Film academy leaders want you to give those controversial Oscar show changes a chance
Another year, another Oscars controversy — and another effort by academy leaders to tamp down criticism of their decisions.
Facing protests over last week’s announcement that eight awards will be shifted out of the upcoming live Oscars telecast, film academy leaders defended the move and offered further clarification on Tuesday, while indicating that they are unlikely to walk back the changes.
The academy’s decision to hand out five below-the-line awards and the three short film awards in the hour before the March 27 Oscars telecast begins has been characterized by various guilds, industry organizations and academy members as an offense to some of film’s most vital crafts.
On Monday, Oscar-winning director Guillermo del Toro, whose latest film, “Nightmare Alley,” is nominated for best picture this year, added his voice to the chorus of criticism.
“If any year was the year to think about it, this is not the year not to hear their names live at the Oscars,” Del Toro said of the affected nominees during a speech at the Hollywood Critics Assn. Awards. “This is the year to sing and do it live.”
After announcing that eight awards will not be presented live at this year’s Oscars, the film academy once again faces blistering criticism from both within and outside the organization.
In an interview with Deadline, academy President David Rubin and Chief Executive Dawn Hudson attempted to defuse the controversy, saying that the decision to shift the award presentations — for film editing, makeup and hairstyling, original score, production design, sound, documentary short subject, animated short and live-action short — out of the live ceremony was a matter of necessity, while insisting the honorees will be treated with the utmost respect.
“We think it’s going to be an amazing experience, so we’re really enthusiastic about it,” Rubin said. “I can’t imagine that we’re not going to deliver the Oscar experience that both the nominees and the audience have been wanting and are dreaming about. We feel really good about this plan. It feels inclusive and respectful and celebratory.”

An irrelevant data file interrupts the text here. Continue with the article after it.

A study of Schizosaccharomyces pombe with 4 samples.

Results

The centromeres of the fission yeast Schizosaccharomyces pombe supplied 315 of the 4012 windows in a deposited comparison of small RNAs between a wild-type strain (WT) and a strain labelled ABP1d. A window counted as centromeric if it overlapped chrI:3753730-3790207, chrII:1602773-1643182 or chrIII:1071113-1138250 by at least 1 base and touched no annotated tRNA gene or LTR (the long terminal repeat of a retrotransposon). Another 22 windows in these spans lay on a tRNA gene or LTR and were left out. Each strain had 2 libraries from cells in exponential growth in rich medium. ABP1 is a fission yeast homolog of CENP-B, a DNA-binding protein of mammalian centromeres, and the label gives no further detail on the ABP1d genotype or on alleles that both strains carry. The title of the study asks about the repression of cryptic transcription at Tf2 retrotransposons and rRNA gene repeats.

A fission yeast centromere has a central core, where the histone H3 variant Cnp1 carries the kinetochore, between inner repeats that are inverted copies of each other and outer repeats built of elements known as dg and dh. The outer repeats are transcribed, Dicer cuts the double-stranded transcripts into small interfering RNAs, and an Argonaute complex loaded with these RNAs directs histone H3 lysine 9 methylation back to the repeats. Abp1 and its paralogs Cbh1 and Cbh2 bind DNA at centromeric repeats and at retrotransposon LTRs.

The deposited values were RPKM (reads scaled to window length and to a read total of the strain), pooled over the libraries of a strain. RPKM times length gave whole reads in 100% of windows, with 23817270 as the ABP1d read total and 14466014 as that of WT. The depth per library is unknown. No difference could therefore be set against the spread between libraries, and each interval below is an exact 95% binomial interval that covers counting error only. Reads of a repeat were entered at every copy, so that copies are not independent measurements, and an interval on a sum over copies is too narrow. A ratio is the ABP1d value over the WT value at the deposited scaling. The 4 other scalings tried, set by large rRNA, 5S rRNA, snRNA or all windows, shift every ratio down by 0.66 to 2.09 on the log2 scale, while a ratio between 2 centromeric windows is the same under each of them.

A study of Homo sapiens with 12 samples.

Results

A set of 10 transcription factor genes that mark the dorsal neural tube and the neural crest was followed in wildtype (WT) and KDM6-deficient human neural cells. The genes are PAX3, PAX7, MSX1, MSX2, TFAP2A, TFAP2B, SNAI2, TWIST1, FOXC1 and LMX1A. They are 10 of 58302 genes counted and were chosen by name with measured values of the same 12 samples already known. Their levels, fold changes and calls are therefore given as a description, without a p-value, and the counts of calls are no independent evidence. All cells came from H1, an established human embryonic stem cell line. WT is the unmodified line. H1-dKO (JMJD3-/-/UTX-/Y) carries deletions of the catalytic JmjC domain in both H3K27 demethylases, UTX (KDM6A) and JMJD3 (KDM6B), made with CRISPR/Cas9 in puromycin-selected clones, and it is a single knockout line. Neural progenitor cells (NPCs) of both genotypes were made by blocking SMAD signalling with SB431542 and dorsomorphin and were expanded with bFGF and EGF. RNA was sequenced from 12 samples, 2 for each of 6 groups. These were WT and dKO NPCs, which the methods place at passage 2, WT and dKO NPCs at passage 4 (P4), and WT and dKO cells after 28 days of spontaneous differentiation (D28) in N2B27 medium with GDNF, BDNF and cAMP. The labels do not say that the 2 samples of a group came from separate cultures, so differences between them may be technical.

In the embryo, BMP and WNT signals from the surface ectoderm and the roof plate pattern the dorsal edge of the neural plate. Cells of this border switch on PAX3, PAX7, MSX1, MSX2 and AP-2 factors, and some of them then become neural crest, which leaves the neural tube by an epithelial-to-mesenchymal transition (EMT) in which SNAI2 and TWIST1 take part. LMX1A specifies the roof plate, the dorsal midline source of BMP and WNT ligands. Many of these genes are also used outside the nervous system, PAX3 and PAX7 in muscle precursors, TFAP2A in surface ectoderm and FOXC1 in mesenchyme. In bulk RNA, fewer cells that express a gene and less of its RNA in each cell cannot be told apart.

With the March 27 show looming, the academy also offered further details on the plans. The ceremony will officially begin in the Dolby Theatre at 4 p.m., with the eight awards handed out in front of an audience of nominees, presenters and guests in the hour before the live telecast kicks off. All of the nominees will be announced and the winners will give their speeches from the Oscar stage. Those with tickets are expected to be in the theater by 4 p.m., even as the red carpet pre-show continues on air.
The acceptance speeches will be edited down to highlight the most emotional moments, with the clips then incorporated into the live broadcast throughout the evening and played on large screens for the audience in the Dolby. Winners from the first hour will be announced on social media as they happen, with clips from the speeches shared as the show goes on. Additionally, the winners will be asked to participate in traditional backstage press opportunities — including the photo room and press conference room — after their categories have been formally announced on air.
But faced with a host of major challenges — including steadily declining ratings for the Oscars, which hit an all-time low last year, increasing pressure from ABC, the financial burden of the recently opened Academy Museum and an existential crisis for film itself — Hudson and Rubin told Deadline they felt they had no choice but to make difficult changes to a show that is steeped in nearly a century of tradition.
”ABC’s been such strong creative partners with us and we’ve allowed for a lot of experimentation on our show for many, many years, but it became imperative,” Hudson said. “We just had to make changes. We had to look for the future for this show and for the organization. Is this the right answer? I don’t know. We need to try this, assess, and move forward.”
The two explained that a major driver of the decision was the mandate to keep the often bloated show to three hours. “After 11 o’clock, the viewership on the East Coast goes down, and you measure viewership up until the last commercial break,” Hudson said. “If your last commercial break is after 11 o’clock or way after 11 o’clock, now you’re just absorbing all that declining audience and it impacts your entire ratings, which impacts your advertisers for the next [year].”
The academy has striven to limit the show to three hours for years but has consistently overshot that target. The 2020 show ran three hours and 36 minutes, while last year’s pandemic-dampened telecast clocked in at three hours and 19 minutes.
But amid talk that some nominees are considering skipping this year’s Oscars in protest of the changes, Rubin and Hudson indicated that a reversal of the decision — which was collectively reached by the academy’s 54-member board, its awards committee and this year’s show’s producers — is unlikely.
“It would be a shame if they missed an opportunity to celebrate the great work of this year and give us an opportunity to celebrate their great work,” Rubin said. “Change is challenging. But, we’re all doing this for one goal, which is to allow as much celebration of the year’s movies on the live broadcast as possible. And everybody involved in that first hour is a huge contributing factor to our ability to produce this great show.”